They're handmade gifts.
For care packages.
There's an oddity about these gifts. But they're handmade, and there are hundreds of them. Maybe a thousand.
I questioned Brian, and he told me a lady dropped them off, and left it at that. At dinner though, I pushed him: where did these things come from?
Houston, we have a problem. A woman did drop off hundreds of her handmade gifts for soldiers. She proceeded then, to spew prejudice and hatred for other races to my kid, bashing pretty much everyone.
She boycotts the St. Joseph Dairy Queen, she said, because it's run by an Arab family (her words). She spoke of "The" Blacks and "The" Mexicans, and when my new neighbors of Indian descent drove into their driveway, she hissed "Foreigners!!!" She doesn't like "The Foreigners."
Brian and John were reeling when she left, and I was dead on the floor after they relayed the story to me.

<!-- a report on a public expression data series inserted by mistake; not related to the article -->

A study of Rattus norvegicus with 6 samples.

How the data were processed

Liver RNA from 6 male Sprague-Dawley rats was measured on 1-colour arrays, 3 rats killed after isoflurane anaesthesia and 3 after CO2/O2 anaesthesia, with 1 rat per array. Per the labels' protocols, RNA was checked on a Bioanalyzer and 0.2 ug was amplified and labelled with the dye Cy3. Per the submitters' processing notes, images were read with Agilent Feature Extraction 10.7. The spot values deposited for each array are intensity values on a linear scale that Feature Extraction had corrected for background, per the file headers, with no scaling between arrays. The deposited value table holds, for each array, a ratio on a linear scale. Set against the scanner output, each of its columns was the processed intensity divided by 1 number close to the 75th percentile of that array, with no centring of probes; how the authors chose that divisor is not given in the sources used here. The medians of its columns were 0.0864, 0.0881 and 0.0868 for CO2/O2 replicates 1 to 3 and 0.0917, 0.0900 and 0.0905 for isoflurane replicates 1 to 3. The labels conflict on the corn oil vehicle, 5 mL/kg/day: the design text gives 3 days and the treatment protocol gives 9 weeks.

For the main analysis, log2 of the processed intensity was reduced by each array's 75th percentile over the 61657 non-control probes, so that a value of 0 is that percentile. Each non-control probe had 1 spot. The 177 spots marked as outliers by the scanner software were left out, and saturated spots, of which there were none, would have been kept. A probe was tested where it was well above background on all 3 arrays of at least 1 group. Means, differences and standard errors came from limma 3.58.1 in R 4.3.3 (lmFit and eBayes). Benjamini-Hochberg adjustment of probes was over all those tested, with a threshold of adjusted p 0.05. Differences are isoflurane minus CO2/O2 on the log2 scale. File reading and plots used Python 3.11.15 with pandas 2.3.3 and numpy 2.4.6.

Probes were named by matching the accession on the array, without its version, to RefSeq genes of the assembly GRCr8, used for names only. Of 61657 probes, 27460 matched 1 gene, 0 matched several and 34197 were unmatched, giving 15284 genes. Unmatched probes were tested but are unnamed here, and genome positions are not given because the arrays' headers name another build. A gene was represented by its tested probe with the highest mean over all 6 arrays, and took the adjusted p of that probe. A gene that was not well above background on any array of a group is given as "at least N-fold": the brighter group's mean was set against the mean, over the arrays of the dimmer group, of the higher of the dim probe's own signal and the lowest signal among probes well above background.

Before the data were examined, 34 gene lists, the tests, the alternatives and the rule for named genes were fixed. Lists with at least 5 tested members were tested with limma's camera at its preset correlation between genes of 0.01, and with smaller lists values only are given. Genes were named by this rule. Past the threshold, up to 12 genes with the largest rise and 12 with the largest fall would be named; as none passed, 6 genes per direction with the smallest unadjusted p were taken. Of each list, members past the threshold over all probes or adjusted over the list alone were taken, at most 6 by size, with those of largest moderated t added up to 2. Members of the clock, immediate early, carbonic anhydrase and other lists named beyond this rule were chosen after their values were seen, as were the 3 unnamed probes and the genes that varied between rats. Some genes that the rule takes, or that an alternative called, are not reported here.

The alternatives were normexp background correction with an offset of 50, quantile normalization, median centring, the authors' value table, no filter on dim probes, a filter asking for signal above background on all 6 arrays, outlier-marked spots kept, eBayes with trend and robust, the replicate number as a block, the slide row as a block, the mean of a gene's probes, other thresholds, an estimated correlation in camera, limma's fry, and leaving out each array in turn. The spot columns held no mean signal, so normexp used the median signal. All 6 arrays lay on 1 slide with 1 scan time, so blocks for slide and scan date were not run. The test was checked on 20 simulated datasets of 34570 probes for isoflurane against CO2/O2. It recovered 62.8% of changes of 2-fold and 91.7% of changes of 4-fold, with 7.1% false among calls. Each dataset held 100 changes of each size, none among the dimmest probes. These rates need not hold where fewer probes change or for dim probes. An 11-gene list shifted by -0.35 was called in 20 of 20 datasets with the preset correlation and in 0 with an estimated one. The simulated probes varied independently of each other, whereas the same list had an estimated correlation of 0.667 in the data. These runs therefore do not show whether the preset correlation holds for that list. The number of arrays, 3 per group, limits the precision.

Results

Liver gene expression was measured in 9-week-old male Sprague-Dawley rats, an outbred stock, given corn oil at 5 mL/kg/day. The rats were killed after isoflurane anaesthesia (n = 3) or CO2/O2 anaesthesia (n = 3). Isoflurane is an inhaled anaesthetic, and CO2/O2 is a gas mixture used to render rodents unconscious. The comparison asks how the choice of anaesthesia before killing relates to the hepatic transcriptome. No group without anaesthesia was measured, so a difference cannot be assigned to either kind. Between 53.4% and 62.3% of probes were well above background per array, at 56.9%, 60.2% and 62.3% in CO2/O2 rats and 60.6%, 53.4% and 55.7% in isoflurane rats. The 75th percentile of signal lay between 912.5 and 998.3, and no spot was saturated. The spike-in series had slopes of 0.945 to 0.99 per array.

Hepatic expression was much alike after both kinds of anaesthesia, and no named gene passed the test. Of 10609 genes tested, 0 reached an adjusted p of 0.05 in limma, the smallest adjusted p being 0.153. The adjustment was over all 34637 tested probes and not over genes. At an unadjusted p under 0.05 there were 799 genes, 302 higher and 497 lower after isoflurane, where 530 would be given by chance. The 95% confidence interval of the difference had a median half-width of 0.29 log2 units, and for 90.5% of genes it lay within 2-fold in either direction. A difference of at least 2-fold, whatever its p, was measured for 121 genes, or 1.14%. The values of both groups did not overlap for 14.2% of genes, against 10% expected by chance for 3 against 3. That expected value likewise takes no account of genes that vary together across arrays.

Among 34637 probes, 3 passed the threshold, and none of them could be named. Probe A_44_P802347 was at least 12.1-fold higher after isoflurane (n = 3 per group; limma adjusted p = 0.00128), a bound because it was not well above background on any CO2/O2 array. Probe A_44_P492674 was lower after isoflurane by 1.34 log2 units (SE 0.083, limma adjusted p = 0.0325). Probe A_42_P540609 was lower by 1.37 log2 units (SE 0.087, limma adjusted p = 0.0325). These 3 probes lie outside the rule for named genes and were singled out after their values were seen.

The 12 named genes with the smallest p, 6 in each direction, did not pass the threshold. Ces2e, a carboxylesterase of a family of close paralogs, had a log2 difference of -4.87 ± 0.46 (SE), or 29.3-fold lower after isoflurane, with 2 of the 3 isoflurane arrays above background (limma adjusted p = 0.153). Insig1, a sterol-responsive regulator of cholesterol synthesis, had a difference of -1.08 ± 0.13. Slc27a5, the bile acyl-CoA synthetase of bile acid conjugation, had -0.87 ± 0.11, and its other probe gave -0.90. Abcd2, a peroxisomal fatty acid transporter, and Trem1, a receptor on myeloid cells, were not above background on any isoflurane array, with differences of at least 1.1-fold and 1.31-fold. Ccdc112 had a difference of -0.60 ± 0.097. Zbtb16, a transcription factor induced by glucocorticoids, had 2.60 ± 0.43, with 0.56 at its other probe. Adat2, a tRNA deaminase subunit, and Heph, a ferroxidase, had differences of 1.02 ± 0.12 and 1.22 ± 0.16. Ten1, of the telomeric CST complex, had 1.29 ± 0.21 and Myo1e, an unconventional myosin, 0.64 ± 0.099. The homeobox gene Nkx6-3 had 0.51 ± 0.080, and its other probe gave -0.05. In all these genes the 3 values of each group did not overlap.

I didn't even see this woman, and yet I imagine her, toiling over these projects. She imagines herself donating time and supplies, for the troops. She is doing a patriotic thing, dropping them off, at my home.
Is her good intent enough?
Does good intent wrought with hatred and prejudice even count as good intent?
I walk around those two bags, tonight, like they're filed with vipers. They reek of evil and lack of acceptance. They contaminate every fiber of what our project is about, part of which is ignoring cultural and social barriers and accepting our differences.
I will not put them in my care package to my soldier-babies. Bad Juju.
Madam: If you read this blog, I respectfully apologize: Your packages have been returned to my porch. I return them to you. You may pick them up, and mail them yourself.
They do not represent me.
I simply cannot.
Oh, and don't bother ringing the doorbell.
I'll be at Dairy Queen. In St. Joseph.